The stories behind Ely’s two war memorials


Throughout Ely and the surrounding villages you will find various war memorials, from the familiar landmark of the Ely Market Place memorial, to the ones on village greens, or inside various churches, village halls, and the Cathedral.


The Market Place memorial, unveiled in 1922, originally listed the names of those, put forward by their families, that were connected to Ely who had died as a result of military service in the First World War. Later, following the Second World War, a second series of bronze panels were added bearing the names of those who died in that conflict.


Also unveiled in 1922, one month after the Market Place memorial, Ely Cathedral is home to the memorial for the county of Cambridgeshire. This memorial lists the names of most of those from across the county that died as a result of the First World War. The Chapel is also home to several Rolls of Honour, specifically for the Cambridgeshire Regiment and Royal Anglian Regiment.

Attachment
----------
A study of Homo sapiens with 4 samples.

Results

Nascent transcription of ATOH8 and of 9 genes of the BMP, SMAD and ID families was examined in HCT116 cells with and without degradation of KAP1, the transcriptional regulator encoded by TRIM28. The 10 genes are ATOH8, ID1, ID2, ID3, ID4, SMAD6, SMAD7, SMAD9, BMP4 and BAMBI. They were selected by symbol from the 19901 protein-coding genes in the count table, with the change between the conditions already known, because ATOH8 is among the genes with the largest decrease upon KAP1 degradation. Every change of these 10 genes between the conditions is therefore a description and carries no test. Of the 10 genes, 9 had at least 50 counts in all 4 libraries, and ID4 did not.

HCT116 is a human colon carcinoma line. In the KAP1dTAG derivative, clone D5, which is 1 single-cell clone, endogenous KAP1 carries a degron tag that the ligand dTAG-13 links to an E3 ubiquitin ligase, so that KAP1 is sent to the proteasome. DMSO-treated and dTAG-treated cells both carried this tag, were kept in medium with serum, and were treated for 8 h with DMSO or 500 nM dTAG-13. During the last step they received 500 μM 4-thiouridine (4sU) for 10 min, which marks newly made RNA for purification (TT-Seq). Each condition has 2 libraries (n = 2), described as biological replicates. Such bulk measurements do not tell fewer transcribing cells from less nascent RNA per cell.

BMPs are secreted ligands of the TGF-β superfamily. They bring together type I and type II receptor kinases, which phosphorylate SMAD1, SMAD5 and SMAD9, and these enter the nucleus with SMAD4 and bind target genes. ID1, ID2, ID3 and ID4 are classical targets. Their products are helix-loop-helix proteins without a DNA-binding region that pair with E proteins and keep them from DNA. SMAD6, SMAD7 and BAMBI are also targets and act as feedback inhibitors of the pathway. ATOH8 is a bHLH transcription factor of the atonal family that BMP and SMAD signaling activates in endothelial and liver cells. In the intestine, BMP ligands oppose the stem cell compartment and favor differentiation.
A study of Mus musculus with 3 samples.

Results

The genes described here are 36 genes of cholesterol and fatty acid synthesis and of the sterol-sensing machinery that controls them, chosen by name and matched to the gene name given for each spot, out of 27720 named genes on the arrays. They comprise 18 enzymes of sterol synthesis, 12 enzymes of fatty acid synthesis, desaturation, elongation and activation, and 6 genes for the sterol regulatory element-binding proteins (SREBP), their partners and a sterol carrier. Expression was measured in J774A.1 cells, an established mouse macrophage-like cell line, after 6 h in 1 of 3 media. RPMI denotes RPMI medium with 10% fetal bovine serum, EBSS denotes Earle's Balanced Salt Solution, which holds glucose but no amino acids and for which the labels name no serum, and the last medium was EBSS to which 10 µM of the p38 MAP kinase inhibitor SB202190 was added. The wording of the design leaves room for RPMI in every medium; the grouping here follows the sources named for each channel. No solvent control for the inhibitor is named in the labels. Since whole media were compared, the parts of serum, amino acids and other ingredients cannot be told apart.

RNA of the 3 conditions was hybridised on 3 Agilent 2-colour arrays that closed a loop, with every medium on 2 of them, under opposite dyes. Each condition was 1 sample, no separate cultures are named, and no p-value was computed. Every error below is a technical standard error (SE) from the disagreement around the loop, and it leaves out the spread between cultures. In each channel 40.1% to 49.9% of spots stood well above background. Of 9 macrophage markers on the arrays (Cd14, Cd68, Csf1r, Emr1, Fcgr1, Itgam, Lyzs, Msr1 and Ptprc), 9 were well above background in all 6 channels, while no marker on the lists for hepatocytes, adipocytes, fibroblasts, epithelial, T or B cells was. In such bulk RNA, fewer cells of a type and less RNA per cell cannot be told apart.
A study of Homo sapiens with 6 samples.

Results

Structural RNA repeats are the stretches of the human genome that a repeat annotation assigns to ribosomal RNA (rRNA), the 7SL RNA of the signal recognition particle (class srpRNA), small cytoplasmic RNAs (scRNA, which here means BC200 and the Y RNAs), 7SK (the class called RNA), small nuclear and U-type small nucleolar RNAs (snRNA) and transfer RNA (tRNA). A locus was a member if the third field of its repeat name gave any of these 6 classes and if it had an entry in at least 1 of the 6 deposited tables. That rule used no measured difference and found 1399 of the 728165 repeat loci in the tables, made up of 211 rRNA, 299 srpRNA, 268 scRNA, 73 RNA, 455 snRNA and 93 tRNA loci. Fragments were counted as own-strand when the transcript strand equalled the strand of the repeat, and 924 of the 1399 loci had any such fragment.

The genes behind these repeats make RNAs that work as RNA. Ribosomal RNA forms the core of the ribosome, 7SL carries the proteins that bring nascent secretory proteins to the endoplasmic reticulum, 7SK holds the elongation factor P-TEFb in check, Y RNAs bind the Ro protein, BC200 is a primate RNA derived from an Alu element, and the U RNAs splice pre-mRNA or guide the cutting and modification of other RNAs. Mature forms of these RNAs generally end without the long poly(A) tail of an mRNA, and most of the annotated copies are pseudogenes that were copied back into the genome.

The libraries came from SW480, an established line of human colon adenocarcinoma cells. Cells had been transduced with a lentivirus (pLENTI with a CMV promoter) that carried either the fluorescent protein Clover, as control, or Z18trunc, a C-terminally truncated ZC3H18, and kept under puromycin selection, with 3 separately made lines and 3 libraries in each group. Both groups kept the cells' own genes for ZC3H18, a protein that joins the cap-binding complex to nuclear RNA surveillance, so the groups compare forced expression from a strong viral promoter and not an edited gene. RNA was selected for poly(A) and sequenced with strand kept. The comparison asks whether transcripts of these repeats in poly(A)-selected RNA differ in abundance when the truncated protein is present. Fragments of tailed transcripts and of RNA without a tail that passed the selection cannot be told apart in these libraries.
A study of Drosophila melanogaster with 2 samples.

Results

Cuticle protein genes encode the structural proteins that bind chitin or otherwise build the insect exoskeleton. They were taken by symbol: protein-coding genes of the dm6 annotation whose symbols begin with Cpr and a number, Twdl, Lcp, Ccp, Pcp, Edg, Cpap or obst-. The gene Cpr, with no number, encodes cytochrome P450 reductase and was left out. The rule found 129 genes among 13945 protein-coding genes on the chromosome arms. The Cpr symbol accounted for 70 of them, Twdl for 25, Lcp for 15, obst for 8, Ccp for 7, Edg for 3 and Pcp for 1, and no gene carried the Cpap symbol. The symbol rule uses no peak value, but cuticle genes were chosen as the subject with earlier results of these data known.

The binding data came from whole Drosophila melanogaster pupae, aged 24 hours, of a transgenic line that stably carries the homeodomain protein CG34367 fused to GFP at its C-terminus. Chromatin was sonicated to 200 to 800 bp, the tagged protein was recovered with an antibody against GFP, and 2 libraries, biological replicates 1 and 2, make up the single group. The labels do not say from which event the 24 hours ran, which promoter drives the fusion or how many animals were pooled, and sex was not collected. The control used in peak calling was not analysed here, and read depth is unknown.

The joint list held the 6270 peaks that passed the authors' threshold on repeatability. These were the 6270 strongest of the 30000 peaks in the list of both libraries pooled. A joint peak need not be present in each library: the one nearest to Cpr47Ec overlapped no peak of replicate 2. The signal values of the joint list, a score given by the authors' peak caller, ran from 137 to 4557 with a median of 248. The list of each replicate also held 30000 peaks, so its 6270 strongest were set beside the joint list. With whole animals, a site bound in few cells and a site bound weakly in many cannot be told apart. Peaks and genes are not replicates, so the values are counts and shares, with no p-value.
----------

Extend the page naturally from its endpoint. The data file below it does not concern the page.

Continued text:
Currently on display at Ely Museum, until November 27th, is “A Pause to Reflect”, an exhibition that explores the stories behind these two memorials and how they came to be. The exhibition also features large photographs of the unveiling services as well as objects and stories relating to some of those recorded on the memorials.


On Saturday, November 5th, Ely Museum is also holding a Military Family History Research Day, where visitors will be able to bring in objects to discover more about them and ask our team of military history experts questions relating to their ancestors’ military history.  The event is included with a standard entry ticket or an annual pass.